Wave turbines – Wave power


 


 
Capture of energy from ocean surface waves to generate electricity or mechanical work.

There is an energy transfer from the wind passing over the ocean surface and to the sea.

The determining factors for wave height are; the wind speed, the duration of time the wind has been blowing, the distance over which the wind excites the waves (fetch) and the depth and topography of the seafloor.

The wave power is determined by wave speed, wavelength and the density of the water.

Normally and for pratical use the wave motion may be considered strongest at the surface.

Wave power or wave energy flux

Formula
If the water depth is larger than half the wavelength, the wave energy flux is:
 
P = \dfrac{\rho g^2}{64\pi}H^2_{mo}\approx (0,5\dfrac{kw}{m^3s})H^2_{mo}T_e
 
P = Wave energy flux per unit of wave-crest length (kW)
Hm0 = Significant wave height (m)
Te = Wave energy period (s)
ρ = Water density
G = Acceleration by gravity.
 
Wave energy and wave-energy flux
 
The mean energy density waves on the water surface is:
 
E = \dfrac{1}{2}\rho gH^2_{mo}
 
E = The sum of kinetic and potential energy density per unit horizontal area. The potential energy density is equal to the kinetic energy, both contributing half to the wave energy density E.

Devices
Wave power devices are generally categorized by the method used to capture the energy of the waves, by location and by the power take-off system. Locations are shoreline, nearshore and offshore. Types of power take-off include:

  • Hydraulic ram
  • Wlastomeric hose pump
  • Pump-to-shore
  • Hydroelectric turbine
  • Air turbine
  • Linear electrical generator

Point absorber buoy
This device floats on the surface of the water, held in place by cables connected to the seabed. Buoys use the rise and fall of swells to drive hydraulic pumps and generate electricity.

Surface attenuator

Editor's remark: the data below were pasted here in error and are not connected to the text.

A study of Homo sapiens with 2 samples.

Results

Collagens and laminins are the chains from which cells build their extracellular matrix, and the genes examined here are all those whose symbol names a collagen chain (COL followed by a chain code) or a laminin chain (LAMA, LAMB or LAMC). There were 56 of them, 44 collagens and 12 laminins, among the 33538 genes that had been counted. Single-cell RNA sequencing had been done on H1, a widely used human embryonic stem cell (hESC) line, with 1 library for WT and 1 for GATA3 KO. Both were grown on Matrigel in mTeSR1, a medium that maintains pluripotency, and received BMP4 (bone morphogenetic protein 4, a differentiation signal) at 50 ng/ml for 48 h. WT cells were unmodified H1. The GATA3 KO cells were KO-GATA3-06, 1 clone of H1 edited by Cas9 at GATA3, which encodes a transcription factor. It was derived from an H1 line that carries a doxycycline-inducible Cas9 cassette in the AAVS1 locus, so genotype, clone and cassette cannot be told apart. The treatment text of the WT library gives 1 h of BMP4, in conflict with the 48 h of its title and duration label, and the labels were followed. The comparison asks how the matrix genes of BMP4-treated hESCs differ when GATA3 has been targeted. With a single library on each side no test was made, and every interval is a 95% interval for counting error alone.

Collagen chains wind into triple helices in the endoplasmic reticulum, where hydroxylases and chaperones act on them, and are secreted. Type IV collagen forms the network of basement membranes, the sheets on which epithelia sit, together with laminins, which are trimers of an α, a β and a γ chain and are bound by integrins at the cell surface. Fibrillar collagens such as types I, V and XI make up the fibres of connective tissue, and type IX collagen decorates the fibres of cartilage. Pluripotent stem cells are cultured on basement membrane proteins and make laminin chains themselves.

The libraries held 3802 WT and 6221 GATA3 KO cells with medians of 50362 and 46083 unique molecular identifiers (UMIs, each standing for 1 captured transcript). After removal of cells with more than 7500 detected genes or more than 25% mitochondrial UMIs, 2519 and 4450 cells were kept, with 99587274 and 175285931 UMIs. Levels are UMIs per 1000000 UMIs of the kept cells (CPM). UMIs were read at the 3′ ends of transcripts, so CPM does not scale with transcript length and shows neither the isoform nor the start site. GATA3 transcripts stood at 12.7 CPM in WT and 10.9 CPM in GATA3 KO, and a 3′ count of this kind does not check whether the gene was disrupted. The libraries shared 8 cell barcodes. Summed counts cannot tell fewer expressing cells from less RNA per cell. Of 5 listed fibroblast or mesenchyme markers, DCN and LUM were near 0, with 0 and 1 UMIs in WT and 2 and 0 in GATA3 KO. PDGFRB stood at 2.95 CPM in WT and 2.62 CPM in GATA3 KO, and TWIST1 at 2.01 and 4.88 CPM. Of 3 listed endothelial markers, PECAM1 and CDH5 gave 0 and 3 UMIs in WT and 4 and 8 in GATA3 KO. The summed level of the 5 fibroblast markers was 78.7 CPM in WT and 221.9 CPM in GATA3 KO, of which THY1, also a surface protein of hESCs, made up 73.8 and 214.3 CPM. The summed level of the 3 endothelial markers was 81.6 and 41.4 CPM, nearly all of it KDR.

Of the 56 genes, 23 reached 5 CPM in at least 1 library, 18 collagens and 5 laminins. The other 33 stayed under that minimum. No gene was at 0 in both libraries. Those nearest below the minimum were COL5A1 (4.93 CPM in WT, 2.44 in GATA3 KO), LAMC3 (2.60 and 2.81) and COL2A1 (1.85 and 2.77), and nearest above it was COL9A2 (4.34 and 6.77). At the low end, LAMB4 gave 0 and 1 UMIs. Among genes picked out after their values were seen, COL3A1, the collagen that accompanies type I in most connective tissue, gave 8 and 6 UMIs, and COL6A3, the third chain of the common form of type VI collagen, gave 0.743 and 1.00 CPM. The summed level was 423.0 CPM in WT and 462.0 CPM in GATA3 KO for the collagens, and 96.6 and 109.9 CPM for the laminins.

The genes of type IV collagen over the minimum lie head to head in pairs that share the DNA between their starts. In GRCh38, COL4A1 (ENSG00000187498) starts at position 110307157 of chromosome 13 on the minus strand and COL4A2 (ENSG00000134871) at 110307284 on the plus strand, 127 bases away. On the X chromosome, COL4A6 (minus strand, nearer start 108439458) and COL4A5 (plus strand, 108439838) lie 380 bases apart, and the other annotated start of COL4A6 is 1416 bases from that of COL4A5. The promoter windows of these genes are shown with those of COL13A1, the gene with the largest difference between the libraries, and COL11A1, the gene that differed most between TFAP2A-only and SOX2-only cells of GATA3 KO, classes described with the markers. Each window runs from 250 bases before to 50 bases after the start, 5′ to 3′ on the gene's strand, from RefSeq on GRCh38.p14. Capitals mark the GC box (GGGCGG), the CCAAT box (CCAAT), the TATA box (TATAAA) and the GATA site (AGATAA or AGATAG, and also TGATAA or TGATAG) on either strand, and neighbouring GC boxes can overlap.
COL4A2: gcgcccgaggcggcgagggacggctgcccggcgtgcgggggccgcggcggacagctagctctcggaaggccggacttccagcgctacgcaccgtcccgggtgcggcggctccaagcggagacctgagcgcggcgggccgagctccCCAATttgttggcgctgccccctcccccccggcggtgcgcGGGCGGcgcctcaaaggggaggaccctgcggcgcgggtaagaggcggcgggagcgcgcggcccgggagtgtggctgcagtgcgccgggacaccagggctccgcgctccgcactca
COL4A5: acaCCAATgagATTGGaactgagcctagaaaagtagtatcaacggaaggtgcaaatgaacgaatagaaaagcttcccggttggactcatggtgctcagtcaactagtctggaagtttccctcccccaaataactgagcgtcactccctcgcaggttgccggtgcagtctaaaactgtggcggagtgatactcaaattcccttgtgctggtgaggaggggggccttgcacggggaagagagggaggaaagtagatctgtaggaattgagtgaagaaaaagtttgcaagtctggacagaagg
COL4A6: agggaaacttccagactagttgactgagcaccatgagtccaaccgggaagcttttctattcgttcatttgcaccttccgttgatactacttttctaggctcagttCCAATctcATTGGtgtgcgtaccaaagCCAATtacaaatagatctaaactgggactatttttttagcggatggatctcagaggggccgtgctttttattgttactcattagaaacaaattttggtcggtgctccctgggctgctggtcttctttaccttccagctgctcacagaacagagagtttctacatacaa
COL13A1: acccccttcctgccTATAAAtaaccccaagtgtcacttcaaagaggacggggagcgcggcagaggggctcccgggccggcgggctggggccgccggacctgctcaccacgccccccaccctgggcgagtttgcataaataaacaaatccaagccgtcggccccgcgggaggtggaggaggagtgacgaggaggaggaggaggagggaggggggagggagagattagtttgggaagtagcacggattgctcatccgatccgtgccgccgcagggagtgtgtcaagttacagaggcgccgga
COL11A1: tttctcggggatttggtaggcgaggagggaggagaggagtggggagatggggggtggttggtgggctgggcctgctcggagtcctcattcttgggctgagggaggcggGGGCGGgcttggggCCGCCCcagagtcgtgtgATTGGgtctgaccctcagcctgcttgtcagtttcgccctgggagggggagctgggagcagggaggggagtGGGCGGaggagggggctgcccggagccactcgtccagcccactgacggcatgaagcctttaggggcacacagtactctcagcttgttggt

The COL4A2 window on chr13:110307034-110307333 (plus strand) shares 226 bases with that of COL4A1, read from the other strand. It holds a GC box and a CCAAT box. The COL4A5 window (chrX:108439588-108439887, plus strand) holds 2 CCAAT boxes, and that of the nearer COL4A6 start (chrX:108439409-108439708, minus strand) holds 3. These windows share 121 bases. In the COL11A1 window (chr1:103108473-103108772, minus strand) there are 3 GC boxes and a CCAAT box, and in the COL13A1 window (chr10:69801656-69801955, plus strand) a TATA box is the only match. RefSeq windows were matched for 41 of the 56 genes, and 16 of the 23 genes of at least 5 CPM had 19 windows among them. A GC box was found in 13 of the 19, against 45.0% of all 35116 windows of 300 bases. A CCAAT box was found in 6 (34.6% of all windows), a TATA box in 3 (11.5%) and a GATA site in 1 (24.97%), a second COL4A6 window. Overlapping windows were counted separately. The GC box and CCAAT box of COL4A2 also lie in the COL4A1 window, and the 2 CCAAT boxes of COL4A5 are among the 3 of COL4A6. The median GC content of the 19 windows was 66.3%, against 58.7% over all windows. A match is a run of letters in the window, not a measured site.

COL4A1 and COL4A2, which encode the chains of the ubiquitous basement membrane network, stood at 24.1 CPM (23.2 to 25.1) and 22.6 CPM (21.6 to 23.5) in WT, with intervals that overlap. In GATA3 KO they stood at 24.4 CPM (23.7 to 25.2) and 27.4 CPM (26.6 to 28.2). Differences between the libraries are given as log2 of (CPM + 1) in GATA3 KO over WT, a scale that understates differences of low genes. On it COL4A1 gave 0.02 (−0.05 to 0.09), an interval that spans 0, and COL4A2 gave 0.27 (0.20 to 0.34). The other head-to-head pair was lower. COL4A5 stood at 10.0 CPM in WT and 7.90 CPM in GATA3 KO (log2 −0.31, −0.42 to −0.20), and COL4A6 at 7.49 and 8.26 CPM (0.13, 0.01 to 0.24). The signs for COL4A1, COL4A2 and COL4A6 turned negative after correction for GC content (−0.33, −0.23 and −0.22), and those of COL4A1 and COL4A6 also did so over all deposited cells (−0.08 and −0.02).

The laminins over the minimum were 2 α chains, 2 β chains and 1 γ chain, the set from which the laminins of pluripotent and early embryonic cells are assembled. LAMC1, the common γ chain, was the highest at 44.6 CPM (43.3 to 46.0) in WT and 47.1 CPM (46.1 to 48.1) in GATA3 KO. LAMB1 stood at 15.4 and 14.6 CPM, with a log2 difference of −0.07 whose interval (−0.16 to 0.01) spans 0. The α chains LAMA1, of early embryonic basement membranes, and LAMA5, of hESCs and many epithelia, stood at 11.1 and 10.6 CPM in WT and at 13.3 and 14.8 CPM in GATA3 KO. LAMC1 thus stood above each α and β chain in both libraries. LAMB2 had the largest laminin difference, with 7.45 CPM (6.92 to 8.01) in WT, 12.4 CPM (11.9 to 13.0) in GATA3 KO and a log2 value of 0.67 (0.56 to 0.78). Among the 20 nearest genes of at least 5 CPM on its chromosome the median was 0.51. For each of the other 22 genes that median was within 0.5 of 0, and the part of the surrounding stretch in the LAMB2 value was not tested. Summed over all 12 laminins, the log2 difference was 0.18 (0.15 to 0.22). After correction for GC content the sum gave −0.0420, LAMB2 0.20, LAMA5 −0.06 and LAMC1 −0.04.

These devices act similarly to point absorber buoys, with multiple floating segments connected to one another and are oriented perpendicular to incoming waves. A flexing motion is created by swells that drive hydraulic pumps to generate electricity.

Oscillating water column
Oscillating water column devices can be located on shore or in deeper waters offshore. With an air chamber integrated into the device, swells compress air in the chambers forcing air through an air turbine to create electricity

Overtopping device
Overtopping devices are long structures that use wave velocity to fill a reservoir to a greater water level than the surrounding ocean. The potential energy in the reservoir height is then captured with low-head turbines. Devices can be either on shore or floating offshore.

Oscillating wave surge converter
These devices typically have one end fixed to a structure or the seabed while the other end is free to move. Energy is collected from the relative motion of the body compared to the fixed point. Oscillating wave surge converters often come in the form of floats, flaps, or membranes. Some of these designs incorporate parabolic reflectors as a means of increasing the wave energy at the point of capture. These capture systems use the rise and fall motion of waves to capture energy. Once the wave energy is captured at a wave source, power must be carried to the point of use or to a connection to the electrical grid by transmission power cables.